Soda pop bottles on a manufacturing line at a bottling plant where flexible manufacturing can improve efficiency.

To successfully compete in this environment, food and beverage manufacturers and other CPG companies are embracing flexible packaging strategies. Industrial flexible manufacturing can mean many things, but the overarching goal is to respond effectively to changing consumer needs and manage multiple related product types.

What makes a production line flexible?

CPG manufacturers can take advantage of flexible manufacturing arrangements to produce a variety of products on the same machines, produce the same products on different machines, and efficiently accommodate product design changes. As big data helps manufacturers gather more customer data, a flexible system provides the means for translating this data into action.

To be flexible, a manufacturing system must be able to automatically identify different production units to perform the correct operation, efficiently send changeover instructions to computer-controlled production machines, and quickly change between physical arrangements of fixtures, tools and other working units.

Strategy 1: Making existing equipment adaptable 

There are many things manufacturers can do to make existing machines more flexible. For example, they can automatically change the positioning of the guiderails on a line that produces – for example – bottle sizes ranging from eight ounces to one liter. As the different bottle sizes are selected by the MRP system to come down the line, guiderails and deflectors self-adjust.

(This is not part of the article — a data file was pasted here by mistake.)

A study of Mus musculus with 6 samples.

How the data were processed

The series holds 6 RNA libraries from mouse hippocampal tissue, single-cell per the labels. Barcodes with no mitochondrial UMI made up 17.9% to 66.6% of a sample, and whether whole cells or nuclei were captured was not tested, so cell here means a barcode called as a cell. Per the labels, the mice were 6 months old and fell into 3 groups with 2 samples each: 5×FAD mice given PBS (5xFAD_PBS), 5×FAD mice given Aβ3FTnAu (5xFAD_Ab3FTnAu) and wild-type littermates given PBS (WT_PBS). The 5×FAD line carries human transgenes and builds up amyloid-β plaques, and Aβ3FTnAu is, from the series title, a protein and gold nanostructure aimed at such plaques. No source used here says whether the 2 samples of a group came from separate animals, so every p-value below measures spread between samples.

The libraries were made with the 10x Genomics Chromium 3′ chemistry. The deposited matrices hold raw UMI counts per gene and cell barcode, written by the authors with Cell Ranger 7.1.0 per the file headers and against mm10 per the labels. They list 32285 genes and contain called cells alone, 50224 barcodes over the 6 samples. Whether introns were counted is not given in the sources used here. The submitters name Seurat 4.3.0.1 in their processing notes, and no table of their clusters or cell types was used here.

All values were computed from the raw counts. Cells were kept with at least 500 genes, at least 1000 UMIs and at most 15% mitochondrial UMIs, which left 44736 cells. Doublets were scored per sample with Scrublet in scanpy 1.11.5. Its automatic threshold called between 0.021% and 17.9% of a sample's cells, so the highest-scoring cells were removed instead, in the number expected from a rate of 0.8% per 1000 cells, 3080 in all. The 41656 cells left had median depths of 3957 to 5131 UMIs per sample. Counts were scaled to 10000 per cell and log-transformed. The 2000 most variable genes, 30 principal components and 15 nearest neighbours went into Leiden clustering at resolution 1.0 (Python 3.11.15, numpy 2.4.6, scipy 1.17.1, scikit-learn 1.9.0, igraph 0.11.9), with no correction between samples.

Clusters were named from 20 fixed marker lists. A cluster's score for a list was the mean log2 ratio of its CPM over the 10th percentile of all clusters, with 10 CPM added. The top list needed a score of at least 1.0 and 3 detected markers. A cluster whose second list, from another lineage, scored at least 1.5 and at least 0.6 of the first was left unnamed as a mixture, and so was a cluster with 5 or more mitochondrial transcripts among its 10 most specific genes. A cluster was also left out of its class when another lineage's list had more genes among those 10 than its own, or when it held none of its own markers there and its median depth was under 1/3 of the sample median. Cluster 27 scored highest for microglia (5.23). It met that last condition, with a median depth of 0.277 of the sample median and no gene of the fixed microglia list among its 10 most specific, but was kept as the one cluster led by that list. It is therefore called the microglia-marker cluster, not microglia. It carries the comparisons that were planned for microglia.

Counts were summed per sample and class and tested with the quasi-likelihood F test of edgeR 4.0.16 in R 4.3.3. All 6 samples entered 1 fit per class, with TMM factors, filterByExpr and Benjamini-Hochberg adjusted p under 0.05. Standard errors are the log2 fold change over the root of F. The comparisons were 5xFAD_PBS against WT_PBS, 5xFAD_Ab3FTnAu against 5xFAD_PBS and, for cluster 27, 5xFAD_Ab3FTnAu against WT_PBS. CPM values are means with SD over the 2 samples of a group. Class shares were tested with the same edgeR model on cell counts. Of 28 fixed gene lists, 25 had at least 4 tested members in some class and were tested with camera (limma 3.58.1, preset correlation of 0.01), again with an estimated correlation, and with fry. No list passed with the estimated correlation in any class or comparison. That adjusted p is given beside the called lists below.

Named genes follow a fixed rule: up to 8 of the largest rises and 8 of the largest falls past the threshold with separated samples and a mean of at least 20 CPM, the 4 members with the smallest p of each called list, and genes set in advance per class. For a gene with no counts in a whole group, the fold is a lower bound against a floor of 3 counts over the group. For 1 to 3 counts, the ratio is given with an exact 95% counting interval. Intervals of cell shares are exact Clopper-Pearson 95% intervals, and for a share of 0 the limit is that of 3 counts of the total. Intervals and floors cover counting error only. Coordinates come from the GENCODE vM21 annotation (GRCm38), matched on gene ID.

When a recipe change is needed, the right HMI can allow the operator to send a signal to a machine automation controller and prompt the line to automatically adjust to the new parameters. This level of automatic adaptability can increase the number of individual SKUs that a company can package by a factor of ten or more.

Strategy 2: Using a collaborative robot to handle a variety of tasks 

The packaging industry has dramatically increased its use of robotics over the past decade – in primary and secondary applications as well as end-of-line applications. Because robots themselves are becoming easier to integrate into flexible applications, manufacturers can easily use them to handle different product shapes and sizes, including delicate items.

In particular, collaborative robots – or robots that are designed to work in tandem with a human operator – provide an excellent solution for changing environments and requirements. These robots are easy to train on new tasks, and thanks to their safe design, they have a minimal impact on floorspace since guarding is unnecessary.

Interested in finding out more about how Omron’s technology portfolio can help build a flexible manufacturing solution for packaging? Check out our white paper.